They signal across tissues from the site of injury to the brain, sending a message to increase sleep and raise the chances for surviving the injury. The results have been published in the journal Current Biology.
Sleep is the best medicine, as the old saying goes. Indeed, studies showed that longer sleep leads to a better recovery. It is no surprise that our brains respond to an injury by extending our sleep. But how does that happen? How does the brain know about the injury? Is there some kind of long-range message sent to the brain from the wound?
A team of scientist focused on these questions by looking at injury and sleep in worms. “C. elegans worm is the simplest animal which we could look at to study sleep. It is a model that allows for a wide range of molecular biology techniques to explore fundamental biological processes in detail” explains Prof. Bringmann, research group leader at the Biotechnology Center (BIOTEC) of the TU Dresden and guest group leader at Max Planck Institute for Biophysical Chemistry.
A team led by Prof. Bringmann started by looking for genes responsible for prolonging sleep in worms. They conducted a large-scale genetic screen and analyzed over 4,500 different genetic mutations. One of the genes they found caught their particular attention. Boosting activity of that gene led to an enormous increase in production of antimicrobial peptides (AMPs). The AMPs are natural antibiotics that the body produces inside the wound to fight off the pathogens locally.
To find out the connection between the antimicrobial peptides and sleep signaling, the scientists from Dresden worked with immunologists, Dr. Nathalie Pujol and Dr. Jonathan Ewbank from Centre d’Immunologie de Marseille-Luminy (CIML) in France. Together, the team has manipulated gene expression of worms. They switched off production of the natural antibiotics and looked at what happens to the injured worms. What sounds like flipping a switch was in reality not an easy task at all. It turned out that antimicrobial peptides are highly redundant. The scientists found that a total of 19 different genes responsible for producing AMPs had to be simultaneously switched off to observe a striking difference. “We have seen that the worms which did not produce antimicrobial peptides had much less sleep following an injury” explains Prof. Bringmann. “Normally, worms survive injuries quite well. However, we observed that sleep loss increased the number of worms that did not survive a seemingly non-threatening injury” adds Prof. Bringmann.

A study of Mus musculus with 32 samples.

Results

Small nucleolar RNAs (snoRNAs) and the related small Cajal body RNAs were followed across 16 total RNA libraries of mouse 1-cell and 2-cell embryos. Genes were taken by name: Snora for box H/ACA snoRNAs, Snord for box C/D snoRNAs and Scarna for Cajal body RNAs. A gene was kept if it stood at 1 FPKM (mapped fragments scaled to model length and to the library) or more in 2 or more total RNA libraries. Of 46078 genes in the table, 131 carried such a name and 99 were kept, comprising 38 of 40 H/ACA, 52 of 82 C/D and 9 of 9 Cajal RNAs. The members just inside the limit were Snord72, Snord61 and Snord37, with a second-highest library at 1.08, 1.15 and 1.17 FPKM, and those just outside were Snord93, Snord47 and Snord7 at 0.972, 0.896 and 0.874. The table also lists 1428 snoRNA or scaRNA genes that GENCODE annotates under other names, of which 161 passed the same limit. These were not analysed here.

The researchers could show that once released from the skin wound, the AMPs act as a messenger and activate receptors in the brain. This activation works as a switch and further prompts sleep neurons to increase sleep. “AMPs have long been known to act locally, but our work suggested that they also act as long-range messenger molecules to signal need for sleep from wounds to the nervous system” says Prof. Bringmann.
These results further strengthen the role of sleep in recovery from injuries. “Since sleep occurs in virtually all animals, our results hint at how sleep could be crucial to recover and survive an injury not only for C. elegans worms but also for other animals and possibly even humans” concludes Prof. Bringmann. His group is funded by the European Research Council (ERC) Starting Grant SLEEPCONTROL.